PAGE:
Last week I wrote about the joyful weekend I had with some of my friends from college. It’s a joy to be with them because we are all still walking with the Lord. We’ve had ups and downs for sure, but this group of guys has stayed the course, doing the little but all important things to keep our walk with God growing for the past two decades.
Sadly, I have also been around some dear friends recently who have me really concerned. These, too, are life-long friends whom I have known for ten to twenty years. Unlike the friends I spent time with last weekend, these friends are either slowly drifting away from the Lord or have been distant for some time. It made me wonder, “What are the simple things that cause someone to drift from God?”
In other words, why does their behavior concern me? I believe they are at risk of falling away. I just don’t see how someone can really be walking with God if they are not doing the following two things.
Spend Time with God Daily (or often)
I just don’t see how someone can claim to be following Jesus when they are not spending time with Him. I’m not trying to be legalistic. I just honestly think if we love someone we will spend time with that person. The same is true with our God. I have a few life-long friends who are really not making time to spend time with God most days. I believe they are at risk of falling.
We all make time for what we prioritize. That truth has led me to eliminated the following phrase from my vocabulary: “I did not have time.” Instead I say, “I did not make time” or “I did not make that a priority.” These are more honest statements. If we do not make time for God, it means He is not a priority for us.
There are almost no excuses. Don’t blame your job, your kids, your busyness, your illness, your stress, your sleeplessness, etc. If the bulk of your Christian life is just what people see on the outside (just going to church, for instance) then you will simply be imitating what you think a Christian should be. This is dangerous. Seek God again by making time to meet with HIm.
Involved in a Church (True Christian Community)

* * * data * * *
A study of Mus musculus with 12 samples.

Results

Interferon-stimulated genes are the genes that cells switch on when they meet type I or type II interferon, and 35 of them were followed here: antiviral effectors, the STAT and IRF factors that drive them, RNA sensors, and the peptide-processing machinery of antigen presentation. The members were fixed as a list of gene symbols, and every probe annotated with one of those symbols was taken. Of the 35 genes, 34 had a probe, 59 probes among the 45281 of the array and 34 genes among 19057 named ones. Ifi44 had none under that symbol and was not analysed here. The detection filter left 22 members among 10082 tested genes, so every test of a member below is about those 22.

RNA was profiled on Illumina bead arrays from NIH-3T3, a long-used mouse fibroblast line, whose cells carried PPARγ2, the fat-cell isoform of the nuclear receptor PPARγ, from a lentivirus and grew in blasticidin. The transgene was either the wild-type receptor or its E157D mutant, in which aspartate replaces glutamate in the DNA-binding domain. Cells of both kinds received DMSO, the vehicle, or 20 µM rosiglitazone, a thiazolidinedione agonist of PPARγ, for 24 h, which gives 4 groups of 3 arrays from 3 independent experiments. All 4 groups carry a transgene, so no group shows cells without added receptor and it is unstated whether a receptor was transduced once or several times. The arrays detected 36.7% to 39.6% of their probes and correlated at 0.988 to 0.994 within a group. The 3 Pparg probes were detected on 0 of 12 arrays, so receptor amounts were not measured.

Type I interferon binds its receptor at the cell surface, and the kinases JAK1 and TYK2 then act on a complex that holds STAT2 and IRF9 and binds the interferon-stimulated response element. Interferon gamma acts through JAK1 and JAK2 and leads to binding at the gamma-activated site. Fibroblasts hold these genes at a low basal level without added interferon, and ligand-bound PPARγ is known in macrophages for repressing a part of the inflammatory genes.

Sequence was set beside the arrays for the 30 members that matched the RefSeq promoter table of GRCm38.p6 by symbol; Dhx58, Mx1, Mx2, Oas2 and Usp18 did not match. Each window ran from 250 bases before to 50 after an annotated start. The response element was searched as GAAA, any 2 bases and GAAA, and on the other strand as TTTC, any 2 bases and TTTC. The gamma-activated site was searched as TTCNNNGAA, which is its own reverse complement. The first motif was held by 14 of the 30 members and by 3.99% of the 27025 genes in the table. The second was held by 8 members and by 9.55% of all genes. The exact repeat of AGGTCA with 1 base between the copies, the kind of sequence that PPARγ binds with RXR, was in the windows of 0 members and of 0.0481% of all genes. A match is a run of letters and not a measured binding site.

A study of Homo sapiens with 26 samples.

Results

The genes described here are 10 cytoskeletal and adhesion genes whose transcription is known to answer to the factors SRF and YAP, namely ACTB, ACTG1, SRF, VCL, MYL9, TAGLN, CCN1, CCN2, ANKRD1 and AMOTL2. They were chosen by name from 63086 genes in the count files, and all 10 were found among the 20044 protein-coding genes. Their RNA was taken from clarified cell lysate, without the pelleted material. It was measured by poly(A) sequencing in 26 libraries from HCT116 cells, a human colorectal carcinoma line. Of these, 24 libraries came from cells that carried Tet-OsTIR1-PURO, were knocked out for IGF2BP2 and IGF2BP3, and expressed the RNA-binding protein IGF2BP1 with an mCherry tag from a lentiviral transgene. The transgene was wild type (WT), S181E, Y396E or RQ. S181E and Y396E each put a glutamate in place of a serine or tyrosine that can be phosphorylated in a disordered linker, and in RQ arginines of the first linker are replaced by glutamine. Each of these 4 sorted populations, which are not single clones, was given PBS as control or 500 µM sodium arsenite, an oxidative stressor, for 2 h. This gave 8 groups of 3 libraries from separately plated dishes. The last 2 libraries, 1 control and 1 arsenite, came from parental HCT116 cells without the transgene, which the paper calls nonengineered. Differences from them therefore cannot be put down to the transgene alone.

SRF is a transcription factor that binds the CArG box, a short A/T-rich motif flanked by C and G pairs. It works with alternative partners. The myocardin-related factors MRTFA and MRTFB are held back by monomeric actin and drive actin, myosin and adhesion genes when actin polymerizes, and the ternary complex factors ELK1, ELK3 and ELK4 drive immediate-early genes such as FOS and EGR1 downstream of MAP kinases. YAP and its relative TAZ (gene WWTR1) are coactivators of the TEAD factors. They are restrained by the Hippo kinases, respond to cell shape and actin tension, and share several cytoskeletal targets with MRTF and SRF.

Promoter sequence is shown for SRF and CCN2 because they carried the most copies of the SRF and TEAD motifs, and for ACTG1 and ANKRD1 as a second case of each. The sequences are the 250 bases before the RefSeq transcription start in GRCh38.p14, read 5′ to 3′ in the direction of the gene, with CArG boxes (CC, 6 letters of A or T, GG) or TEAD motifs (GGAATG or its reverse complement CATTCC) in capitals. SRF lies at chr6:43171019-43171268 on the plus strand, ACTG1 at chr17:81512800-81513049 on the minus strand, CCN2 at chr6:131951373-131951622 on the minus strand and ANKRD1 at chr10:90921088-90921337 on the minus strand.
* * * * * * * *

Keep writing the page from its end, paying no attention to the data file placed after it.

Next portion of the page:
I just don’t see how someone can claim to be following Jesus when they are not involved in a church. Now trust me; my understanding of church is very broad. I don’t care if it is a big church, small church, house church or what have you. But my definition for church is also very narrow. It’s not hanging our with your Christian friends and having”fellowship” playing video games, watching a football game, or going out to eat. Nor is it just pew-sitting on Sundays.
Being part of a church means being part of a community that worships and prays (upward), fellowships and studies the Bible (inward), and serves and evangelizes (outward). Sorry, but if you’re not part of a community doing these things then you are not part of a church. I have a few life-long friends that are not in real Christian community as I have described, and I believe they are at risk of falling.
There are almost no excuses. Don’t say you’re “searching.” Don’t blame your kids. Don’t say you’re busy or need the time for other things. Don’t say you need the family-time or need to rest. If you’re not in relationships with others doing the upward, inward, and outward things I described above, then your friendships are not helping you follow Jesus. Seek God again by getting involved in a church.
Tell Me What You Think
I could add a few more things to my list, but these two are the most foundational. Actually, before I would add to the list I would likely bring more clarification to these two things, making a few concessions statements regarding the possibility of doing these things legalistically and still being in danger (if not more danger) of falling away. Bottom line, however, these are the two things that concern me most with a number of my longtime friends.
Am I wrong? What would you add? What concerns you about your friends?
Justin Christopher is the director of Campus Renewal Ministries at the University of Texas and author of Campus Renewal: A Practical Plan for Uniting Campus Ministries in Prayer and Mission. He gives leadership to the Campus House of Prayer and the missional community movement at the University of Texas.